Let me tell you a little story,
I was getting ready to rush to school. My mother pondered on my eagerness to wake up. I knew very well it was the first day of middle school. I fondly remember the excitement I had, the smirk that traveled to school with me. Why was I so excited today? Because this would be the first time I would get to choose a third language in my subjects! The idea astonished me, that a 10-year-old had complete liberty on what they wished to learn. Coming from a state where 46.63% of the population can write in Hindi or at least know how to speak in it, I was allowed to pick between Sanskrit and Marathi. I had not formally learned these languages but was nonetheless excited to experience them. Looking back at my struggles to comprehend these are fond memories, they gave me a deepened understanding of my surroundings and unlocked knowledge previously ciphered to me.
The thrill of a new language, what is this excitement of learning foreign languages?
6 years later in Grade 11, at a charity dance event, a guest speaker who spoke for the Kalyan Mook Badhir Vidyalay (a deaf and dumb children’s institute in my hometown) spoke about how “There are roughly 12.3 million deaf and dumb persons in India and how they express themselves through art and sign language.” The guest speaker’s speech was highly informative and thought-provoking for me, as this made me assess my own knowledge acquisition from middle school and how choosing to learn Hindi and Sanskrit was helping me routinely with my social and (sometimes) academic life.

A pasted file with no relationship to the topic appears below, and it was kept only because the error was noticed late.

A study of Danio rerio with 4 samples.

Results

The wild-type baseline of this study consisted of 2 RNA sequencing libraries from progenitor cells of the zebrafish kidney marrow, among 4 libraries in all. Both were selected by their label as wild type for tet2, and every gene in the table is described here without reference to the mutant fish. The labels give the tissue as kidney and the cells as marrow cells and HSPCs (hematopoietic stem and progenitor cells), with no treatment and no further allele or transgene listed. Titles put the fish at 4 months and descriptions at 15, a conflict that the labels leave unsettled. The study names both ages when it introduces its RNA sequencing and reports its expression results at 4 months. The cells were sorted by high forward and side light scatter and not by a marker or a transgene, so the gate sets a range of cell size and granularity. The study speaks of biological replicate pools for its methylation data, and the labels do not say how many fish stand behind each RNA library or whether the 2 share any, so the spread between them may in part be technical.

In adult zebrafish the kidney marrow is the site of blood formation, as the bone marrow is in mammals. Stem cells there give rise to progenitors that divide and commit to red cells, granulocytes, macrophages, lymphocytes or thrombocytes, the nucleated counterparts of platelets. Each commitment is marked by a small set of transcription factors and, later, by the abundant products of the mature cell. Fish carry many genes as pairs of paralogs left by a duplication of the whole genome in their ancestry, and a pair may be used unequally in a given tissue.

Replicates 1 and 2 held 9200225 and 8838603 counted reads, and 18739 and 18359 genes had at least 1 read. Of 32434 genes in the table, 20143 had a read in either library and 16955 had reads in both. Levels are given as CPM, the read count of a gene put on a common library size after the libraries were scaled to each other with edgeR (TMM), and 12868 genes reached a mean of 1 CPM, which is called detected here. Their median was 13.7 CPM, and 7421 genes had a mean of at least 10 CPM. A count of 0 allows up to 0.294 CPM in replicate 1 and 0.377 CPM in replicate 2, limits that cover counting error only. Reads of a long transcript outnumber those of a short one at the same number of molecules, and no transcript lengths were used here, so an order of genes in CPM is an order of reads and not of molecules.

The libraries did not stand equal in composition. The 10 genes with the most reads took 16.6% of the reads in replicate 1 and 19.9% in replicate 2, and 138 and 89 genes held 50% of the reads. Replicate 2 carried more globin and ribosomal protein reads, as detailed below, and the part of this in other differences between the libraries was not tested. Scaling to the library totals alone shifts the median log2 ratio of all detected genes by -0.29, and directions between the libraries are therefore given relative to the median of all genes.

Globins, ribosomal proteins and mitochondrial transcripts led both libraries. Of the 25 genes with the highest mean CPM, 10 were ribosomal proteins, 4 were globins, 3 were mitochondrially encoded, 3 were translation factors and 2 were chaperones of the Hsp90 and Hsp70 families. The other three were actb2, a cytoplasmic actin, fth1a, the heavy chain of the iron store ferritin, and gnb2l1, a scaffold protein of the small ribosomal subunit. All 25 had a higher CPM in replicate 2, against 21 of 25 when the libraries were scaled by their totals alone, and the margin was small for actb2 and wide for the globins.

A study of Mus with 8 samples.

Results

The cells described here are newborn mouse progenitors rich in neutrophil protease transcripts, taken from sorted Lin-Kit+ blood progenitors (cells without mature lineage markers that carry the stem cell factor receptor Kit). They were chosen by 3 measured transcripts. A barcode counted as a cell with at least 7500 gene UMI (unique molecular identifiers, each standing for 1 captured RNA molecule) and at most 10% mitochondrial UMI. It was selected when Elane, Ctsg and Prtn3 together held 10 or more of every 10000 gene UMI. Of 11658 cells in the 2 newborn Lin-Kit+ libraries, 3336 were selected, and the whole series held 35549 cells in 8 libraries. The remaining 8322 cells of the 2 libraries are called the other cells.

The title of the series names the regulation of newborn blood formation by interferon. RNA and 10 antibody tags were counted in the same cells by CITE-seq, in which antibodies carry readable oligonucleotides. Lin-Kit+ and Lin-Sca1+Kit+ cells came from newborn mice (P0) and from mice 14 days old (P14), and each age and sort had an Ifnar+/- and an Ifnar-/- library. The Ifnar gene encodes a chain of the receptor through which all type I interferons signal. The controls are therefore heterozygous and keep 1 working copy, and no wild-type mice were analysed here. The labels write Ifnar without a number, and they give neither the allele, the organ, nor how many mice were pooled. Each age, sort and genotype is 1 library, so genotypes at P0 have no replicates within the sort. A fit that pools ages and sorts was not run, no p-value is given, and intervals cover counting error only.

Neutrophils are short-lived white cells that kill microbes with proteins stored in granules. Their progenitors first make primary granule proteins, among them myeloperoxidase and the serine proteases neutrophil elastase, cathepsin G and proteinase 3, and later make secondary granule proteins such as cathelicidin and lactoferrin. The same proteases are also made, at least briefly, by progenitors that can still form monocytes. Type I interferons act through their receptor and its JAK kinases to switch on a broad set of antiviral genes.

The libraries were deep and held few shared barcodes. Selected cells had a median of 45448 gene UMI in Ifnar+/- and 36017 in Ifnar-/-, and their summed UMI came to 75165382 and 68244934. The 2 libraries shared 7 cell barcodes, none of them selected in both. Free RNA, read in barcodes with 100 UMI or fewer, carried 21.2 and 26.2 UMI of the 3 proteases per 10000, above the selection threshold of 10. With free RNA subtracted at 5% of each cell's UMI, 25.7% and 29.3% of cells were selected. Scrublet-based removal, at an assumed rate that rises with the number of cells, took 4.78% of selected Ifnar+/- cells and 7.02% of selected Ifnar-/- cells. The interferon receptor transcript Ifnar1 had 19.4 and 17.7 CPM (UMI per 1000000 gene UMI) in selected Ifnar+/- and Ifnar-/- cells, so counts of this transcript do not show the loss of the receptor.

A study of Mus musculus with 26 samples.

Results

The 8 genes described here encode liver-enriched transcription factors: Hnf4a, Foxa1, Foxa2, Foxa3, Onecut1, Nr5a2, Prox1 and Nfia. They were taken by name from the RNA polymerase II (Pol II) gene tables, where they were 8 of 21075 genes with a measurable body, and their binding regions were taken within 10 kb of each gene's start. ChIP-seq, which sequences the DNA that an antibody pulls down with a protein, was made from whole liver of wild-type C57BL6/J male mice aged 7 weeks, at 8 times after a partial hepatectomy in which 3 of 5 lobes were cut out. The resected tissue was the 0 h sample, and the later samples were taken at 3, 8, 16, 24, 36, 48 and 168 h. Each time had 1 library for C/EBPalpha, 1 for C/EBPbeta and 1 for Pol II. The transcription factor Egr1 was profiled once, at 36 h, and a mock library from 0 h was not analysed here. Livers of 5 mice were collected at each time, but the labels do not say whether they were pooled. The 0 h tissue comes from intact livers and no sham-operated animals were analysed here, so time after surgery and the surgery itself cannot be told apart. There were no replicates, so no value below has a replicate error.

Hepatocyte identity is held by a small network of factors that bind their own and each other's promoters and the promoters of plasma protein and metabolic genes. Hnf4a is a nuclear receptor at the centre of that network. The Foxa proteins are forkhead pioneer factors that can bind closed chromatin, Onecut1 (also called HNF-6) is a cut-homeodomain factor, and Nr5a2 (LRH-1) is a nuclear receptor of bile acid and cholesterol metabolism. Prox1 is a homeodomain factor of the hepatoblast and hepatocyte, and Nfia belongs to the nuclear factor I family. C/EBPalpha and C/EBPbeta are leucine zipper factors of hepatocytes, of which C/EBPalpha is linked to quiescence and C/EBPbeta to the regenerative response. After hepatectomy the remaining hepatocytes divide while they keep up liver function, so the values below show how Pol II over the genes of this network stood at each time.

Why learn Sign Language at a young age?
In fact, I developed most of my current understandings and interests around 6 years ago when I joined the middle school. But this made me think about the interests and understandings, passions, and interactions of the less fortunate children that have to restrict themselves due to a language barrier despite living in the same country. Collecting these thoughts, I arrived at the argument that, Offering students to choose ISL (Indian Sign Language) as their third language in middle schools, would not only have a globally praiseworthy effect, it would also instill sympathy and sensitivity in the leaders of the future. It has also been studied that “10-14-year-old children acquire foreign languages at a much more significant rate than any other”
If my generation is the generation of change then this must be a change that we stand with. Paving the path for a future that empathizes and engages with our children and instills acceptance and compassion, is a marvelous future that I hope we and our subsequent generations gesture to.